The New Values Voters: Progressive Women

The 2004 elections sparked a lot of discussion about the so-called “values voter,” someone who voted for conservative candidates based on their positions on issues like same-sex marriage and abortion. Progressives responded to all the talk about values by rejecting this narrow definition. They argued that the stances Americans hold on poverty, war, and the environment reflect their values too.

The discussions about moral values on both sides, however, have missed something.

Conservatives and progressives have talked about their values in individualistic ways, assuming that Americans value self-interest—their own individual economic opportunity, freedom, and rights—above all else. But the 2008 election season showed that many Americans want to transcend the dynamics of individualism. In a New York Times op-ed the day after the election, Thomas Friedman quoted Harvard University political philosopher Michael Sandel’s observation:

The biggest applause line in [Obama’s] stump speech was the one that said every American will have the chance to go to college provided he or she performs a period of national service—in the military, in the Peace Corps, or in the community. Obama’s campaign tapped a dormant civic idealism, a hunger among Americans to serve a cause greater than themselves, a yearning to be citizens again.

In Sandel’s view, this response to Obama’s words and campaign indicated that Americans are calling for a “new politics of the common good.”

Progressive Women and Values

This approach to politics and public life is not exactly new. For the past several years, the Institute for Women’s Policy Research has interviewed over 100 progressive women leaders and activists working as community organizers who are, in many ways, living out a vision for politics and public life that resonates with the one Friedman and Sandel believe Americans are calling for.

These women serve their families, communities, and the nation in many ways. They strive to secure nontraditional job training for women, build schools and houses, and reserve units in low-income housing for single mothers. They design leadership programs for immigrants, create multicultural community centers that support families, and keep landmark sites in African American history from being demolished. They provide services to abused women, reform provisions for juvenile justice, and revise city-planning goals on behalf of those with low incomes.

Over and over again, progressive women activists describe this work as inspired by a set of values that politicians have often overlooked—values such as mutuality, community, and a concern for others, especially the most marginalized members of our society.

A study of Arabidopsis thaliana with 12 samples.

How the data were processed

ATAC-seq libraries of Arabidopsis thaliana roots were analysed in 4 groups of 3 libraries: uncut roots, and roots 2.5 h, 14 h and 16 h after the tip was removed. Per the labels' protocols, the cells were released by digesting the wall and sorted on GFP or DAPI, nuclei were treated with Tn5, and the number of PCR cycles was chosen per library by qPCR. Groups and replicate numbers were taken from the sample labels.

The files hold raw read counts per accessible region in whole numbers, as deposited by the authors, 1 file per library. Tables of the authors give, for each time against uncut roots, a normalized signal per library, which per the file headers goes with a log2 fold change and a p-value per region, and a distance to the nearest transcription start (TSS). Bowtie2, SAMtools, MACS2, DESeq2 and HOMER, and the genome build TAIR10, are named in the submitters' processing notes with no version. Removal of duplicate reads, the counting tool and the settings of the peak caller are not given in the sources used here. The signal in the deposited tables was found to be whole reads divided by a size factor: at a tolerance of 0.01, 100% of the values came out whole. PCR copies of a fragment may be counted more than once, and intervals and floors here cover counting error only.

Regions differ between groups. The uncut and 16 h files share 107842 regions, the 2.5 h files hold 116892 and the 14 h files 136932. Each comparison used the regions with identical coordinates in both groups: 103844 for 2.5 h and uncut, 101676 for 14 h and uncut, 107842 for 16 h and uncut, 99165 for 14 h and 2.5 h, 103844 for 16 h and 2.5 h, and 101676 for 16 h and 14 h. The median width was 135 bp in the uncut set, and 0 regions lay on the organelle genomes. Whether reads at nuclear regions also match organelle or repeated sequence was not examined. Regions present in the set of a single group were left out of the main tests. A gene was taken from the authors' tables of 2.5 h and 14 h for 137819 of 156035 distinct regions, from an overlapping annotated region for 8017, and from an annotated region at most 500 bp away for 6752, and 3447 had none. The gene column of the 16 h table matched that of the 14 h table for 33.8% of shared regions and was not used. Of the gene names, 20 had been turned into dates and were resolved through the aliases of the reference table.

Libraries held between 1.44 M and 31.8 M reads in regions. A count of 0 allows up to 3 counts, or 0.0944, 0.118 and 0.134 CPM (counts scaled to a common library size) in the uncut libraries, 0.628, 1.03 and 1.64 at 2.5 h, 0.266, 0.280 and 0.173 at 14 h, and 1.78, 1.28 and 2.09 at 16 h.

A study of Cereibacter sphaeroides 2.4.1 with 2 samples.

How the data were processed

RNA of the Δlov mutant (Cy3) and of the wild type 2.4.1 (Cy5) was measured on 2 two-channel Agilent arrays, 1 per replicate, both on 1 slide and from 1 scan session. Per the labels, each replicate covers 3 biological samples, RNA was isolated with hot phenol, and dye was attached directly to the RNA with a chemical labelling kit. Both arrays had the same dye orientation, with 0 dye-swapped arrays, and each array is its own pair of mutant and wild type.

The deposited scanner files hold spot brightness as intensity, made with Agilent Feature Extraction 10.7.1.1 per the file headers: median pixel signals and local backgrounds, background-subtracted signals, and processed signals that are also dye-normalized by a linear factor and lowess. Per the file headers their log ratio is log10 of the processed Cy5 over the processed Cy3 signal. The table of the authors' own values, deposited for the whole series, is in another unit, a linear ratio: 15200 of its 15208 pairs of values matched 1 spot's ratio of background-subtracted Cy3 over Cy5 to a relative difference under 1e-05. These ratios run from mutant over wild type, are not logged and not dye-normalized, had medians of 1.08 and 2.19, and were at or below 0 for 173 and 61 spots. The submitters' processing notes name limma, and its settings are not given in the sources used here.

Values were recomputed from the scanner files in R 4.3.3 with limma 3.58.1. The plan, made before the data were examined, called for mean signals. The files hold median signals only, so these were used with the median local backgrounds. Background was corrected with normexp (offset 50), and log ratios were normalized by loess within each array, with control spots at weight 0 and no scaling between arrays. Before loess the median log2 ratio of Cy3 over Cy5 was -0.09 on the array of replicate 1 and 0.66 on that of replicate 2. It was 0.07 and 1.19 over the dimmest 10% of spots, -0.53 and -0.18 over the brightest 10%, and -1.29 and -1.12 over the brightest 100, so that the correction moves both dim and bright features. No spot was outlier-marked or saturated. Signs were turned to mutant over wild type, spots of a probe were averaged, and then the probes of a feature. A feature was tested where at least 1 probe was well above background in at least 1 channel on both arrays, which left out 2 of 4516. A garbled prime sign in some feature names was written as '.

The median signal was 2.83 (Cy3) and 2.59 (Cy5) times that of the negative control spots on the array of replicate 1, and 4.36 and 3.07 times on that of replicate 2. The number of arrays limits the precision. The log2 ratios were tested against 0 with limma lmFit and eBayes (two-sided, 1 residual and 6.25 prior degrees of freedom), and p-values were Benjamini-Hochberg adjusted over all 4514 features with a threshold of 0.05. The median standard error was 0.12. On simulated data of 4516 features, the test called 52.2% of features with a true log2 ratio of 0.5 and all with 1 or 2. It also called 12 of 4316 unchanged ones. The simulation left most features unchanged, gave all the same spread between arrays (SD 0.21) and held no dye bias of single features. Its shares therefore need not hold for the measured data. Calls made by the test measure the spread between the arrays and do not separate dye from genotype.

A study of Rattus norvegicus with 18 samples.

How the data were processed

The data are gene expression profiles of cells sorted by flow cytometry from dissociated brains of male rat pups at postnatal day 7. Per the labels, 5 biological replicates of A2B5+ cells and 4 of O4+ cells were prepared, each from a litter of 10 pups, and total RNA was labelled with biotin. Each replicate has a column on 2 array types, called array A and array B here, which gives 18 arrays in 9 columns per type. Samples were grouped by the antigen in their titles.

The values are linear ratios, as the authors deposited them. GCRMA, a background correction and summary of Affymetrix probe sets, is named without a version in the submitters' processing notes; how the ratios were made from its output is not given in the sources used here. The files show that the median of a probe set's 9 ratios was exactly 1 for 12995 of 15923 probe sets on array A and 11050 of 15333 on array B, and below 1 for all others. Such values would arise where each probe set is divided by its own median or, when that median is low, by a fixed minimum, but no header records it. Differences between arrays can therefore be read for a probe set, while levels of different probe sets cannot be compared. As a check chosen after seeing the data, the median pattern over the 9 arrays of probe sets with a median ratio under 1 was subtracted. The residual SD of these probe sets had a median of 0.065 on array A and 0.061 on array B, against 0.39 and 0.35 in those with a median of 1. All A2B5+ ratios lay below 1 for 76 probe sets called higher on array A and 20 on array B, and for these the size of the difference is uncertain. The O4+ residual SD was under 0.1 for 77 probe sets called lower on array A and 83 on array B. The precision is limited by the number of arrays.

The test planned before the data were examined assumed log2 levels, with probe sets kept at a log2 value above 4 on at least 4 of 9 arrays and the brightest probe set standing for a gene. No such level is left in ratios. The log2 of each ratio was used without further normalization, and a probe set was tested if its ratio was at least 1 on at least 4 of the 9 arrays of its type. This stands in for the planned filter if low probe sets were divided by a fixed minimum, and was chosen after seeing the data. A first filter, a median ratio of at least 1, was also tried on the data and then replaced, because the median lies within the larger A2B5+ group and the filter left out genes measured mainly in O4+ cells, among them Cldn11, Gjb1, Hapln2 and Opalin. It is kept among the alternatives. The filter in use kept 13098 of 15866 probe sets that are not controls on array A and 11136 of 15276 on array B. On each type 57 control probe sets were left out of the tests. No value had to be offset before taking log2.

At the same time, these women speak of traditional values such as freedom, individual rights, and equality. But they place these values in a larger context defined by mutual responsibility, compassion, family, and shared power. For example, they affirm the need for equality and freedom but suggest that acknowledging our mutual responsibility is essential to creating economic and political systems where people are truly equal and free. And they emphasize the importance of rights but insist that our rights are both individual and shared.

Taken as a whole, the values of progressive women activists form a distinctive moral vision.

It comes as no surprise that progressive women describe and embody this vision. The values on which it is based are integral to the traditional roles our society has ascribed to them as mothers, wives, and caretakers of families and communities. But what may surprise us is that the values and vision often described by progressive women activists—at least if the 2008 presidential election is any indication—strike a chord not just with progressive women, but with many women and men from very different walks of life.

In the 2008 presidential election, these women and men redefined what it means to be a values voter. They showed that “voting our values” does not mean lending support to conservative positions, but rather demonstrating a willingness to balance the pursuit of our individual self-interest with actions that serve a larger good.

To what extent can Obama continue to reawaken and sustain the communal spirit that so many Americans have rediscovered?

On the one hand, the timing could not be worse. As the economy continues its downward plunge, it may seem unlikely that many people will allow their concern for the common good to qualify their own self-interest. On the other hand, the 2008 election indicates that Americans need—and want—policies that will help to rebuild our communities at the grassroots level. Americans’ civic idealism, though perhaps dormant in many individuals in recent years, has begun to reemerge. Whether we choose the present as the time for its continued renewal remains to be seen.